WASHINGTON – Secretary of State John Kerry will meet Iran’s foreign minister this week amid Iranian complaints that it’s not getting the sanctions relief it deserves under last year’s landmark nuclear deal, the State Department said Monday.
Kerry and Mohammad Javad Zarif will meet in New York on Tuesday before Kerry flies to Saudi Arabia to join President Barack Obama at a summit with Gulf Arab leaders, department spokesman John Kirby said. Meanwhile, Kirby said the department had sent letters to U.S. state and local officials advising them of changes to federal sanctions policy.
The Kerry-Zarif meeting follows complaints from top Iranian leaders that the U.S. is not fulfilling its part of the nuclear agreement, in which Iran curbed its atomic program in exchange for sanctions relief. The U.S. insists it has met its obligations but is facing demands from foreign banks to make clear what transactions with Iran are legal and which are still punishable under remaining sanctions.
“We’re obviously aware of these concerns that they have expressed about the status of sanctions relief,” Kirby said. “And the secretary is very mindful that that topic will come up tomorrow, that that is very much on Foreign Minister Zarif’s mind.”
He declined to say whether Kerry would provide Zarif with any notice of action the administration might take in regard to sanctions relief.
Over the weekend, Zarif said he would ask the United States to ease restrictions on non-American banks doing business with the Islamic Republic, saying it would help reassure Iranians over the nuclear deal.
“Iran will definitely put pressure on the United States to pave the way for the co-operation of non-American banks with Iran,” he said on Saturday at a Tehran news conference with visiting EU foreign policy chief Federica Mogherini. “The other party, particularly the United States, is required to implement its commitments in banking co-operation”
A day earlier, the head of Iran’s central bank, Valiollah Seif had accused the U.S. and the European Union of failing to honour the nuclear agreement by keeping Iran locked out of the international financial system.
The White House, Treasury and the State Department have all said the U.S. has done what is required of it. Yet, officials say the administration has been toying with the idea of easing or formally clarifying financial restrictions that prevent U.S. dollars from being used in transactions that enable business with Iran.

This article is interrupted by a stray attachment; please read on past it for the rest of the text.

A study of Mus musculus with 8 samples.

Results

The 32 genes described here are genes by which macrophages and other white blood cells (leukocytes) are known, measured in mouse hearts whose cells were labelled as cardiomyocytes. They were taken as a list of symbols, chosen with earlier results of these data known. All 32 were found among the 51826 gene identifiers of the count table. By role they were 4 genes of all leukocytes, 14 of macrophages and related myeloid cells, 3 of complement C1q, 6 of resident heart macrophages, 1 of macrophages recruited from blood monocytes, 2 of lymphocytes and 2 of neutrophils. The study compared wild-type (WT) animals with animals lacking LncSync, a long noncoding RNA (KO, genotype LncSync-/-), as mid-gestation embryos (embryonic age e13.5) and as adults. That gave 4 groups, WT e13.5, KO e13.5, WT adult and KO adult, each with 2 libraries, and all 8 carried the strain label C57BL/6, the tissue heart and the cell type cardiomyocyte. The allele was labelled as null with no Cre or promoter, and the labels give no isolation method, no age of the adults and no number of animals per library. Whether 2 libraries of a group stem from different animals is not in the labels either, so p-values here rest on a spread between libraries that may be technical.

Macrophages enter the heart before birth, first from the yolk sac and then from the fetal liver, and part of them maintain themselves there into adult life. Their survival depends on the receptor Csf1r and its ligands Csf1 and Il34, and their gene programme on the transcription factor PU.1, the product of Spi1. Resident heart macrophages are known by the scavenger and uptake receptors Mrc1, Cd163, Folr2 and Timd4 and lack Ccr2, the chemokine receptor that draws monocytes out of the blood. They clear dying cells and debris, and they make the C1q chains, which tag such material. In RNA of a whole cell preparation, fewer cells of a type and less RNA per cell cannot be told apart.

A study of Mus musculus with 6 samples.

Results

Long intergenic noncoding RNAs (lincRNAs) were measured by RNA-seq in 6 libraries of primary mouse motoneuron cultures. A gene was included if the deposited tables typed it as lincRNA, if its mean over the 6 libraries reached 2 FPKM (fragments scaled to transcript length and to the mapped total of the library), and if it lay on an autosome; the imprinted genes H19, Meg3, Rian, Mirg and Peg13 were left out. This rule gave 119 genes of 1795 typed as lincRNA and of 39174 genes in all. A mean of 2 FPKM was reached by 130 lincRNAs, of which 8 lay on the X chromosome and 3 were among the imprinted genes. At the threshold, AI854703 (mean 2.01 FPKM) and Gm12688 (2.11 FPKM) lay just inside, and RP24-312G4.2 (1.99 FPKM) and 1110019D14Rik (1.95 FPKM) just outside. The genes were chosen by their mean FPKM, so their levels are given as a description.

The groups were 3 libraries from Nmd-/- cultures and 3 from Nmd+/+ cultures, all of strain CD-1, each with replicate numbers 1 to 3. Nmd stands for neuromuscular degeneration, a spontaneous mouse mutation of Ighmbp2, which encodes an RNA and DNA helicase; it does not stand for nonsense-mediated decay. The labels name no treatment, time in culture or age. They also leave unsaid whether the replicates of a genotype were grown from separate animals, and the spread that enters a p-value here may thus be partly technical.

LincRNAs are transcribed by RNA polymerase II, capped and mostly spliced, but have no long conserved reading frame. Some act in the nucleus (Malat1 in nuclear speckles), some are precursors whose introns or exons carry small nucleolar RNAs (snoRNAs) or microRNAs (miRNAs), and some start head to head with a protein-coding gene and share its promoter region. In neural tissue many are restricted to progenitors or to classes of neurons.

Administration officials have ruled out granting Iran access to the U.S. financial system or direct access to the dollar but have left the door open to other steps to encourage trade that is now legal under the nuclear deal.
That has met fierce resistance from lawmakers who believe that Tehran would be getting more than it deserves.
On Monday, House Speaker Paul Ryan renewed his opposition to any easing of the current rules.
“The administration should definitively rule out any potential workaround that provides Iran — directly or indirectly — with access to the dollar or the U.S. financial system,” he said in a statement.
“Instead of helping the regime get richer, the administration should hold it accountable for its continued ballistic missile tests, egregious human rights violations, and support for terrorism. We will continue to oppose any efforts to grant further concessions to the world’s leading state-sponsor of terrorism,” Ryan said.
In a related matter, the State Department said it had sent letters to governors of all 50 U.S. states and some localities informing them of changes made to federal sanctions as a result of the nuclear deal. Some states and municipalities have enacted local sanctions against Iran.
Kirby said the letter, which was first reported by Bloomberg View, “calls their attention to some of the changes now to our sanctions posture as a result of (the agreement) and encourages them to consider that as they enact local laws for their jurisdiction.”
He said the letter does not require state and local officials to take any action and doesn’t order them to change existing laws and regulations.
A second official said the administration was not aware of any state or local law that would violate the terms of the nuclear deal and that the letter was sent mainly in response to questions that had been posed.